It’s been more than half a century since British Invasion and California groups like The Zombies and The Beach Boys took the American pop charts by storm. During Sunday night’s Riverside Theater performances, The Zombies and founding Beach Boys member Brian Wilson proved their music sounds just as fresh today as it did in the late 1960s.
The large crowd gathered for the so-called “Something Great From ’68” tour consisted of mostly Baby Boomers, and some Gen Xers and Millennials (including this Milwaukee Record writer) who likely prefer their parents’ chart-topping tunes to the pop music of today.
Recent Rock & Roll Hall of Fame inductees The Zombies performed first. The British rock/pop group’s touring band (founding members Colin Blunstone and Rod Argent, guitarist Tom Toomey, drummer Steve Rodford, and bassist Søren Koch) played four songs, including the breathy 1964 single “She’s Not There” (“This is the first song I ever wrote,” announced keyboardist and vocalist Argent) and the newly released disco-rocker “Merry Go Round.” After that, original Zombies members—drummer Hugh Grundy and bassist Chris White—joined Blunstone and Argent to perform the 1967 album Odessey And Oracle in its entirety. The only member missing was guitarist Paul Atkinson, who died in 2004.
While each musician held their own during The Zombies’ one-hour set—Blunstone, dressed in skinny black pants and a black shirt and blazer, still maintains clear, strong vocals after more than 50 years performing and recording—the bespectacled Argent, with his bushy head of white hair, was exceptional. He blazed through his signature rock organ solo on “Time Of The Season,” and easily switched to gentler, melodic electric piano on songs like “A Rose For Emily.” Argent also infused jaunty riffs into upbeat songs like “I Want Her She Wants Me,” and employed a Mellotron, an instrument with a storied history. He explained to the audience that The Zombies recorded Odessey And Oracle at Abbey Road Studios, where the Beatles were recording their iconic Sgt. Pepper album at the same time. “John Lennon had left behind a Mellotron, and we just happened to use it on every track of the album,” Argent said. The versatile keyboardist even played the baroque-sounding harmonium for anti-war song “Butcher’s Tale (Western Front 1914),” which featured White on vocals.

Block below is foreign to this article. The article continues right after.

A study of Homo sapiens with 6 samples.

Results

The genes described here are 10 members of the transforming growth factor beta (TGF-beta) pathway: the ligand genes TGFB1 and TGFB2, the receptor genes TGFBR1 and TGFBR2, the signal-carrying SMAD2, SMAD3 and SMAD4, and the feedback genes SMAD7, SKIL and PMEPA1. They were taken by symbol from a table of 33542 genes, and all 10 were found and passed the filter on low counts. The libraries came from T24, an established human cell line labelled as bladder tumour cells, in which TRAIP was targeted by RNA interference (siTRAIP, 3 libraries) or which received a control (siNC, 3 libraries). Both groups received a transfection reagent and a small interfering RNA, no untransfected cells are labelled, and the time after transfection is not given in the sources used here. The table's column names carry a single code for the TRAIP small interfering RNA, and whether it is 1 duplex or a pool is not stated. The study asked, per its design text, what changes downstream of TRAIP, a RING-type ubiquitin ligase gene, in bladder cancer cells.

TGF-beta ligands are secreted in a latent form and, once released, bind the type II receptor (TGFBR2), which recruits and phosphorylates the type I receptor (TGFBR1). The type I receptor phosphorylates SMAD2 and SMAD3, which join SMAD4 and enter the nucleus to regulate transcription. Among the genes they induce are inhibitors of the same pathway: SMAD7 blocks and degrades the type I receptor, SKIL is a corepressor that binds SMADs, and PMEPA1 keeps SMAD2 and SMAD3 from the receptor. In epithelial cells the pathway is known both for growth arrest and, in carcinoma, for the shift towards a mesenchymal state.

Brian Wilson’s band featured Wilson on piano and vocals, and nearly a dozen additional members, including founding Beach Boys member and rhythm guitarist Al Jardine. Jardine’s son, vocalist Matt Jardine, and guitarist and singer Blondie Chaplin, who joined The Beach Boys in the 1970s, rounded out the group.
Wilson has faced his share of tragedy. His brothers, founding Beach Boys members Dennis and Carl Wilson, have passed away (Dennis in 1983, and Carl in 1998). Sadly, the years, as well as past substance abuse and personal and mental health issues seemed to have taken a toll on his singing and piano-playing abilities. (Wilson had to postpone his summer tour.) Wilson had trouble staying in key, and seemed to slur his words while performing hits like the band’s opener, the sunny “California Girls.” The audience didn’t seem to mind, however. They clapped enthusiastically after every song, especially after Wilson’s poignant rendition of 1966’s “God Only Knows.”
Wilson’s band was energetic and talented. Matt Jardine showcased his impressive falsetto vocals on hits like “I Get Around” and “Don’t Worry Baby,” and Chaplin demonstrated powerful guitar chops and vocals on Wilson’s 2015 single “Sail Away.” They did the celebrated singer and songwriter’s music the justice it so richly deserves.